How can officers help to position the arts, culture and heritage within their council’s public health priorities? Alan Higgins, Director of Public Health, Oldham Council, shares his thoughts. This opinion piece forms part of the inspiring officer leadership section of our online Culture Hub.
Oldham has a range of projects which use arts and culture to address public health issues. They include:
- Oldham Theatre Workshop’s production ‘Boy in the Black Box’, which toured local schools with a focus on promoting positive mental health in young people.
- ‘Chapatti and Chat’, a project developed by Oldham Council’s Arts Development and Public Health teams to raise awareness and creatively educate in the prevention of diabetes in adults from South Asian communities.
- Health drop-in and advice sessions provided through the library service.
- A Health Awareness Day, a partnership between the library service and the Sathya Sai International Organisation, hosted in Oldham library.
- Access to free resources in local libraries, empowering people to understand and use health and wellbeing information effectively – for example, Shelf Help (part of the Books on Prescription Scheme) has expert-endorsed books for 13-18 year olds with advice and information about issues such as anxiety, stress, bullying and exams.
The association between arts, culture and public health in Oldham is a natural development from a shared interest in the potential of engaging people in arts and culture to support wellbeing. It is not a forced association. Heritage, libraries and arts in Oldham already contributed to activity to support confident and thriving communities before we made a more explicit link to public health and health and wellbeing. By making that link explicit, we opened up more opportunities and encouraged innovation to engage with people through creative activities in ways that promote social connections and wellbeing.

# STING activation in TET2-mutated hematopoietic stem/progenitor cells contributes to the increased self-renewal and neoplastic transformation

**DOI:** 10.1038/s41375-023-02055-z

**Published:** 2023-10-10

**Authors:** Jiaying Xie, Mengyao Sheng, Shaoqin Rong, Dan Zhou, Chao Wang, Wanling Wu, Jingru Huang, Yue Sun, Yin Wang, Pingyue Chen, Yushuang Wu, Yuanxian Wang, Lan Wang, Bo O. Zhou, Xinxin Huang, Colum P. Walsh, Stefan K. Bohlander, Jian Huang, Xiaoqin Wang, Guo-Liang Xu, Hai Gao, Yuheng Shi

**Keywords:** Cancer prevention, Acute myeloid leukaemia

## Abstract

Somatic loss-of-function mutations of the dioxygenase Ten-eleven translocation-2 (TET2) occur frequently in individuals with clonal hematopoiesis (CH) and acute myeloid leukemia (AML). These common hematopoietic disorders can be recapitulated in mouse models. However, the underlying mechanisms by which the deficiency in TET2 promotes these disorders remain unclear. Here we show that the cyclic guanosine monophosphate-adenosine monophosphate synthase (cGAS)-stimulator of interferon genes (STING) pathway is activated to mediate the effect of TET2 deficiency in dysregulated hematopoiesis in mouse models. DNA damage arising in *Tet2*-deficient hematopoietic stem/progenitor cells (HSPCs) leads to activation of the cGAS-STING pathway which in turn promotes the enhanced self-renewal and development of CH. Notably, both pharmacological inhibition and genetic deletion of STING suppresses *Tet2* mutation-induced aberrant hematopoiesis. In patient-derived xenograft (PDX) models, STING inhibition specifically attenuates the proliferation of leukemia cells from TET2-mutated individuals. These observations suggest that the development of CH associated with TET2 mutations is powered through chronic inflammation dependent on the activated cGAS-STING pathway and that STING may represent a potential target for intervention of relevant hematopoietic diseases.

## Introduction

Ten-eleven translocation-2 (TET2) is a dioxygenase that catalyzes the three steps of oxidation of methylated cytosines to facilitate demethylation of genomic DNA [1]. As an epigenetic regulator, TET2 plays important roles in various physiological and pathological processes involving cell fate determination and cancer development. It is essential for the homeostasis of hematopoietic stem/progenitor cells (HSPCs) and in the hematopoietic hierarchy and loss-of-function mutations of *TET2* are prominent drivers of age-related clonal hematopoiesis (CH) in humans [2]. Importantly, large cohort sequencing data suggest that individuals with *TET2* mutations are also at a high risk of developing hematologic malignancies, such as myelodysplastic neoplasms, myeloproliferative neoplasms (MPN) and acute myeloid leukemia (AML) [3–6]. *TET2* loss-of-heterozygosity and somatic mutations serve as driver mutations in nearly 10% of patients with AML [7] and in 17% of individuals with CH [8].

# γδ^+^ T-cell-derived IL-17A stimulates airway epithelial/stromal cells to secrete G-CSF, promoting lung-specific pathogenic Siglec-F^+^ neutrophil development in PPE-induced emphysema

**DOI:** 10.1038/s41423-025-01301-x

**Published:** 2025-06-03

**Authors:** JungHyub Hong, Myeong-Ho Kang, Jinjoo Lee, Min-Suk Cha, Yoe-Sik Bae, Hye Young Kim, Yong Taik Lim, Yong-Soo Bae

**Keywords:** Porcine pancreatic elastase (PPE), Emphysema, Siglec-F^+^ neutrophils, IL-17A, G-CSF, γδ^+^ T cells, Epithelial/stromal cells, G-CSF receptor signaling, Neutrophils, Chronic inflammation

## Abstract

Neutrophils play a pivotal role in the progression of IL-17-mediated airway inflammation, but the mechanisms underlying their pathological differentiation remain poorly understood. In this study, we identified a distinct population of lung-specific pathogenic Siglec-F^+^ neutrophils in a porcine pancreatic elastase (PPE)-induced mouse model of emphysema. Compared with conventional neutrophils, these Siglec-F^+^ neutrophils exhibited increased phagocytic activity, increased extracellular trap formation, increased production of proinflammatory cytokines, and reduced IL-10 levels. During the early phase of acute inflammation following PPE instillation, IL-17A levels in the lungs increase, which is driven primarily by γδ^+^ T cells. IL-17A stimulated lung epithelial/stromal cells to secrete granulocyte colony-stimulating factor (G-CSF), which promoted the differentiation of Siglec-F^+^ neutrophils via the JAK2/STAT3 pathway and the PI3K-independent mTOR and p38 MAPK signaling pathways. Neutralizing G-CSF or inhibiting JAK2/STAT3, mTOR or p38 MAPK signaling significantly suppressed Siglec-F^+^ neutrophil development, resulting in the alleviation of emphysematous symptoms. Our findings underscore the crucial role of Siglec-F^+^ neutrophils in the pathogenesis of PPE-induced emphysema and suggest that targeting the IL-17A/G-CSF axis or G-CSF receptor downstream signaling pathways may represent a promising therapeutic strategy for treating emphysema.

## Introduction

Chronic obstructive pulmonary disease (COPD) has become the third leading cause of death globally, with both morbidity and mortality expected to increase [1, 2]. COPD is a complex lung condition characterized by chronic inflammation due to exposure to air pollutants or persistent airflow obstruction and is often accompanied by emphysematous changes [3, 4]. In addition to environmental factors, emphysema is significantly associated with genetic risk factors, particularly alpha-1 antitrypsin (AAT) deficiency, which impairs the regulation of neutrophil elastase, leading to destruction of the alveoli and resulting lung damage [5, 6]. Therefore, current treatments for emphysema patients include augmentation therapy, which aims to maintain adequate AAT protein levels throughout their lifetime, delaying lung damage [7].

I have had an interest in community arts stretching over many years and have previously commissioned community theatre work on HIV prevention and other issues. The value of arts in engaging with people on difficult health issues, or health issues that people have less interest in, was clear to me. Engaging communities in arts activity can achieve more than simply providing information on a health issue. Equally, staff in heritage, libraries and arts in Oldham saw the opportunity to engage in challenging and rewarding work on mental wellbeing, community cohesion and other issues with a direct health interest.
We had begun joining up these interests before heritage, libraries and arts became the responsibility of the Director of Public Health in Oldham, but that development sealed the joint working arrangements. It must be noted that the heritage, libraries and arts agenda is entirely legitimate without the connection to public health, and it exists of its own accord in contributing to Oldham’s cultural life. The connections between public health and arts and culture probably already exist in every local authority, and officers are doing a lot of innovative work to join up activity across the two. This can be taken a step further by making the connections explicit and doing the joint work intentionally, rather than leaving it to happy accident. It is not essential that your Director of Public Health also leads on heritage, libraries and arts, but it does help!
This opinion piece has been developed in conjunction with Arts Council England.